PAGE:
Worth Preserving


Architectural reviews of Steiner House say it is one of the most outstanding examples of colonial design still in existence. 

Stephen Steiner built the original home in 1807, as a home for his family. The original portion of Steiner House was small with two first floor rooms and two stairways leading to two bedrooms on the second floor. There were three fireplaces, including the hearth in the kitchen provided heating and was used for cooking.

With a growing family and more social obligations, Steiner built a much grander addition to the front of his home. It included a beautiful front door with an unusual elliptical heading using glass of delicate lead tracing of flowers and tiny pineapples, denoting colonial hospitality. The original marble steps are still in place.

Entering the gracious colonial hallway, visitors can see a lofty fluted white arch above and a graceful mahogany and maple staircase leading to the second and third floors. There are two bedrooms on the second floor, and a small sitting room that connects to the original part of the house.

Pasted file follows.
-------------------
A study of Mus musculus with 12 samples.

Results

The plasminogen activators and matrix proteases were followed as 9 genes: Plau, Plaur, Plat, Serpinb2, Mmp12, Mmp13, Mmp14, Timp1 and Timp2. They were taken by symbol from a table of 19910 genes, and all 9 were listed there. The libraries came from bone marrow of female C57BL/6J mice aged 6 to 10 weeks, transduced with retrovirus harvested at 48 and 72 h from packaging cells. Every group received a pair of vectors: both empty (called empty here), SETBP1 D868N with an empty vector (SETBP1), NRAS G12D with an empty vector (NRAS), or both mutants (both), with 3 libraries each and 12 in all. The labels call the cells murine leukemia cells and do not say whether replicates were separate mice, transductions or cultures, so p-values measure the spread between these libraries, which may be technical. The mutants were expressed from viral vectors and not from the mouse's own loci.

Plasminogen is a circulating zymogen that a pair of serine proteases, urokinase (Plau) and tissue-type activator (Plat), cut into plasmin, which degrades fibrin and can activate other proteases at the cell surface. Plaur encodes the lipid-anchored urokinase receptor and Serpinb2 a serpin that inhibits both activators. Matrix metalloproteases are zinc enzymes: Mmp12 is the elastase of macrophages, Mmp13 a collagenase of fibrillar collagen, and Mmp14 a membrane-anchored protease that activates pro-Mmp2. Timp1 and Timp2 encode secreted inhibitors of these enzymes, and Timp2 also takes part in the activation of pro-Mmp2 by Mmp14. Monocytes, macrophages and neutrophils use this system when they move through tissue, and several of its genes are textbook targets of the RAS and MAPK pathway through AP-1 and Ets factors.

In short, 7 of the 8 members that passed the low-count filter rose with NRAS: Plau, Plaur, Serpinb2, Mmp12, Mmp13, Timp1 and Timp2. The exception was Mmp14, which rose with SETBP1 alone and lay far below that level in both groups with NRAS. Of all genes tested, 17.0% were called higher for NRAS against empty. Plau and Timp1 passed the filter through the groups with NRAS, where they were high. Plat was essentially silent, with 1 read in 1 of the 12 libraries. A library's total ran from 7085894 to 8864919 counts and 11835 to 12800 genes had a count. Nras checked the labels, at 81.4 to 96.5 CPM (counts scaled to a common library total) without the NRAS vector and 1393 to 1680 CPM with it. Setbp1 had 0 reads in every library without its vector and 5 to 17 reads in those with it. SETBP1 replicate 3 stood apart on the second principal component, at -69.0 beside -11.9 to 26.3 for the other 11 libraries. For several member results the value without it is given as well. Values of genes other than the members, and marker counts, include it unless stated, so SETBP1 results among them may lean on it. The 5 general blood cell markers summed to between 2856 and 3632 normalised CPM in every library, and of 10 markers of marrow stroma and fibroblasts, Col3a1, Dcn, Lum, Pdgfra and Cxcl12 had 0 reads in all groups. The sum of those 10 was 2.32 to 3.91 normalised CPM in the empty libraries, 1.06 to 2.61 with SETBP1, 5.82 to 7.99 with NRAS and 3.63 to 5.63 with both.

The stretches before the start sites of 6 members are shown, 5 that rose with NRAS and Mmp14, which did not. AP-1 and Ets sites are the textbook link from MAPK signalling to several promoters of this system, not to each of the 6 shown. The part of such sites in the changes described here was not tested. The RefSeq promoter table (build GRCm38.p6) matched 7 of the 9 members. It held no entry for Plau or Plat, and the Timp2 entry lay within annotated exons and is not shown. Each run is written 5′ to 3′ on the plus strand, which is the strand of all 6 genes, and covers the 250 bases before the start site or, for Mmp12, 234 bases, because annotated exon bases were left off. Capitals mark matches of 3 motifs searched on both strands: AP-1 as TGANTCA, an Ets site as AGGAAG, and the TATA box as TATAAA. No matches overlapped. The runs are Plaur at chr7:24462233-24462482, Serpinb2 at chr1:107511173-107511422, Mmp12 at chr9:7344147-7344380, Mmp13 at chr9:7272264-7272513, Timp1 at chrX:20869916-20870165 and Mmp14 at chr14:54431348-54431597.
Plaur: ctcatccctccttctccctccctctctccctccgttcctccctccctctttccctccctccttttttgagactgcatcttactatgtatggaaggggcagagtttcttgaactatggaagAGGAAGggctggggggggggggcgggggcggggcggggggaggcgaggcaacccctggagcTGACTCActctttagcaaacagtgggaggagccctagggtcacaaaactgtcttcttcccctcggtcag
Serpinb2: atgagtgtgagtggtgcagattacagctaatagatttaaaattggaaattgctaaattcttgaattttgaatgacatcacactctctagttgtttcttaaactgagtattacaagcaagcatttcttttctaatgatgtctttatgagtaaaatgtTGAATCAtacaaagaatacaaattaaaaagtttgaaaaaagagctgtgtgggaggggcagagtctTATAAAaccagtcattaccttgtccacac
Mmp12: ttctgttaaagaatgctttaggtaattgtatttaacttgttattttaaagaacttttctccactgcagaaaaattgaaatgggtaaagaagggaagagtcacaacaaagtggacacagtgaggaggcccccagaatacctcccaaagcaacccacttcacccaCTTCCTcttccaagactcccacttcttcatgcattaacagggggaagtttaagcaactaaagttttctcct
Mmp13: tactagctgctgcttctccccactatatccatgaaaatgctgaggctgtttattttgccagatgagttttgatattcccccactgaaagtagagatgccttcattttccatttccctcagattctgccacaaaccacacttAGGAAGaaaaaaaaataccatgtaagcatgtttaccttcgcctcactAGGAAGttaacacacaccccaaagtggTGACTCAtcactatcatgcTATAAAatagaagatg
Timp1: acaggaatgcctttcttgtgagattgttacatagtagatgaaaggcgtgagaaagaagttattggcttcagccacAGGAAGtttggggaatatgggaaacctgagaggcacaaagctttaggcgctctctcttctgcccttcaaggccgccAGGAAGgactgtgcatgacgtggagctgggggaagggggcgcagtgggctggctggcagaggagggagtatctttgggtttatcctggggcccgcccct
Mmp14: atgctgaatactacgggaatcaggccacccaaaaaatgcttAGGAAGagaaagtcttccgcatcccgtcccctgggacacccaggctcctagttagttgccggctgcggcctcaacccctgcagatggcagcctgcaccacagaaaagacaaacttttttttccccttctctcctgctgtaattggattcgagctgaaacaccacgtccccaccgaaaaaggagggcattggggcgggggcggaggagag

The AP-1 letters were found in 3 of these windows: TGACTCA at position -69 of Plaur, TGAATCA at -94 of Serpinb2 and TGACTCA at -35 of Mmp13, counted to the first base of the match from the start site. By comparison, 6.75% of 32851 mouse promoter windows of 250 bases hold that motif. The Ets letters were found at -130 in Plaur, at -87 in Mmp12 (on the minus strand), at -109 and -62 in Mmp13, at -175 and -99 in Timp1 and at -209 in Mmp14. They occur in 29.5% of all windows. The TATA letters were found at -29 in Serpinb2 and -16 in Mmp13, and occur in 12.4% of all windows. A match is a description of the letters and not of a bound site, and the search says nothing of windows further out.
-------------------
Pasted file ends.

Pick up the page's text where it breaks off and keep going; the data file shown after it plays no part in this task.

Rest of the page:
On the first floor, to the left, is a large double parlor, divided by wooden doors. The floors are still the original boards. The bricks used in the home are laid in Flemish Bond, having alternate ends and sides of the bricks exposed. Many reports said the bricks were actually made on the premises.

In the mid-1960s, the Garden Club of Frederick designed and installed a garden and patio areas at the side and rear of the house. This work brought the Garden Club several awards.

A few years later, a section of the garden became home to the historic Marie Diehl Memorial Fountain.  

This article would not be possible without the research and documentation by FWCC club member Dr. Frances A. Randall.